I didn’t realize it at the time, but the year our son was born marked the end of my try-to-do-everything-perfectly days…forever.
It turns out I was a bit of a perfectionist before my son came along. I just thought of myself as an ambitious pleaser who wanted to make every celebration fun and memorable. And, honestly, I had been rather successful at it (said in a sincerely modest way). My parents, my friends, my siblings would all look forward to coming to our home to celebrate any occasion. The food, the setting, the presents–all perfect…at least that’s what they’d say as they headed out the door while I stared at the massive clean-up effort ahead. (“Do you want some help?” they’d ask. “No! I’ve got this,” I’d assure them, perfectly.)
Dr. John D. Kelly, IV of the Perelman School of Medicine at the University of Pennsylvania has good reason to call perfectionism “the bane of happiness.” It’s considered dedication when you work hard to achieve a goal, but when perfection is your goal, creativity, joy, inspiration, and productivity all suffer.
As a new mom, I was still in that stage where, on any given day, I might still be in my pajamas at 4:00 p.m., and I might not ever take a shower that day. No complaints. I was owning the joys of motherhood.
And then…it was December.
Even today, my heart aches a bit thinking about the “old me,” rocking our precious son to sleep while trying to plan a perfectly memorable Christmas. Before long, anxiety reared its ugly head. How could I be the perfect host? When would I have time to decorate? What could I serve for Christmas dinner? I hadn’t even shopped for presents, and Christmas was mere weeks away!
I started feeling like I might self-combust.
There’s a reason a baby is called a “bundle of joy.” Children bring us overwhelming happiness and feelings of love, stronger than we ever thought possible. As I continued rocking our son, I looked down at his sweet face and thought, “What is more important in life than this?” Nothing.
And with that, all thoughts of planning the perfect first Christmas for our boy vanished. I had been my own worst enemy, and it was time to give myself a break. That year, we had a pot-luck get-together with friends and relatives. Our son played with wrapping paper and cracked his first genuine smile.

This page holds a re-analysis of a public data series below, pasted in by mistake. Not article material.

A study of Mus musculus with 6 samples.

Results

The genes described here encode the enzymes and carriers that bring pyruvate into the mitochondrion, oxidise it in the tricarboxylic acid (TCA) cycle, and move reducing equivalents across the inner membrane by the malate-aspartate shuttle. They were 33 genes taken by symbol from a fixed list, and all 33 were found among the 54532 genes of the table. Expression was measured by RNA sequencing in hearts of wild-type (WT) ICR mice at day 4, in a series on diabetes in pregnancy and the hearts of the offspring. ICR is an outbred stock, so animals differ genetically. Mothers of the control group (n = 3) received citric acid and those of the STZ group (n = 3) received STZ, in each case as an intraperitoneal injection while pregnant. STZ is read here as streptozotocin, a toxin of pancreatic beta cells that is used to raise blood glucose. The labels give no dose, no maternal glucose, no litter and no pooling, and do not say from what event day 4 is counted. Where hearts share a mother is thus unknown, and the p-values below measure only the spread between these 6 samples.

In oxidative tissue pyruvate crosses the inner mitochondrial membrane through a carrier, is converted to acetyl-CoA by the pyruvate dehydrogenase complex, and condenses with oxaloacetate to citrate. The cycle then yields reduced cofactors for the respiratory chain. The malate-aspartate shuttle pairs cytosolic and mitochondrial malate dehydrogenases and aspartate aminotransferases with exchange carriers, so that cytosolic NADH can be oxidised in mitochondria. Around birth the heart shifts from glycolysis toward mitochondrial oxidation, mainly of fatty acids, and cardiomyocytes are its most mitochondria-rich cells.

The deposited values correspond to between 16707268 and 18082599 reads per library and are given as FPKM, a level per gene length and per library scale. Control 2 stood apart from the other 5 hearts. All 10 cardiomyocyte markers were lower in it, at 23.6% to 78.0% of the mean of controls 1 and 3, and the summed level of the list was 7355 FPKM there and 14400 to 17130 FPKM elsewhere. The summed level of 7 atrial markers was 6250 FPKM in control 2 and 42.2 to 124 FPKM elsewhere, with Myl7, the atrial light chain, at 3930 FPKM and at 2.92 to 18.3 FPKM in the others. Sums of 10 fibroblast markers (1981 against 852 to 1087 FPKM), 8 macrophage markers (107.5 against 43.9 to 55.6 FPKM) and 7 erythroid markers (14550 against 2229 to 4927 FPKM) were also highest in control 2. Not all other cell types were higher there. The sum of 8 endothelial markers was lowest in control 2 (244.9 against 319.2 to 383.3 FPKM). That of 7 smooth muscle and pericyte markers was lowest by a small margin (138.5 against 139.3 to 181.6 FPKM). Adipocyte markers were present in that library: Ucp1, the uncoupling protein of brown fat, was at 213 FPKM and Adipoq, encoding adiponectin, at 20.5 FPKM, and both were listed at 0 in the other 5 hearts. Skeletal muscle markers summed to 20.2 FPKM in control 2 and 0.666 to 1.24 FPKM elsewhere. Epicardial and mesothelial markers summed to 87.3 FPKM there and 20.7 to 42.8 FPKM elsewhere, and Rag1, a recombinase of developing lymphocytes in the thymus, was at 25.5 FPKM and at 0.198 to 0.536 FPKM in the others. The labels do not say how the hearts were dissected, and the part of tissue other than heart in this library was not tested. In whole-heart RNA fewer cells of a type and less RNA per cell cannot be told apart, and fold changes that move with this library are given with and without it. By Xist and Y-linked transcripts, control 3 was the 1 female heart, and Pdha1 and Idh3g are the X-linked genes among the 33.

Since then, I’ve tried to put feelings first, choosing happiness over anxiety and fun over stress. I still enjoy entertaining friends and family, but I share the burden. When someone asks, “What can I bring?” I tell them. When someone says, “Let me help you with the dishes,” I hand them an apron. Goodbye, perfection. I don’t miss you a bit.
Maybe you aren’t as driven to perfection as I once was, but there still are small things you can do to make your Christmas as stress-free as possible with your young children. Here are five:
- Dima Amso, an associate professor in the department of cognitive, linguistic and psychological sciences at Brown University, explains that a 6-year-old may remember events from before her first birthday, but by adolescence, she probably has forgotten them. In other words, after a certain age or stage of brain development, our earliest memories typically fade. Bear that in mind as you stress over what to buy your 2-year-old for Christmas.
Instead, during this holiday season, focus on giving your little one enriching experiences that help foster sturdy brain development.
- Dr. Mollie Greves Grow, a pediatrician at Seattle Children’s Hospital, stresses the need to stick with day-to-day routines whenever possible. She says, “Structured routines, even during busy times like the holidays, help parents regulate the emotional and functional changes their children undergo.”
- Keep your child(ren) active. Exercise is known to reduce stress. And, it prepares your little one for naptime, which should remain a priority.
- Start (or continue) making family traditions. Baking together, trimming the tree, and crafting ornaments are just a few of the many activities you could enjoy doing as a family, year after year.
- Keep expectations realistic. Give yourself a break and focus on what’s important this holiday season: family, togetherness, and love.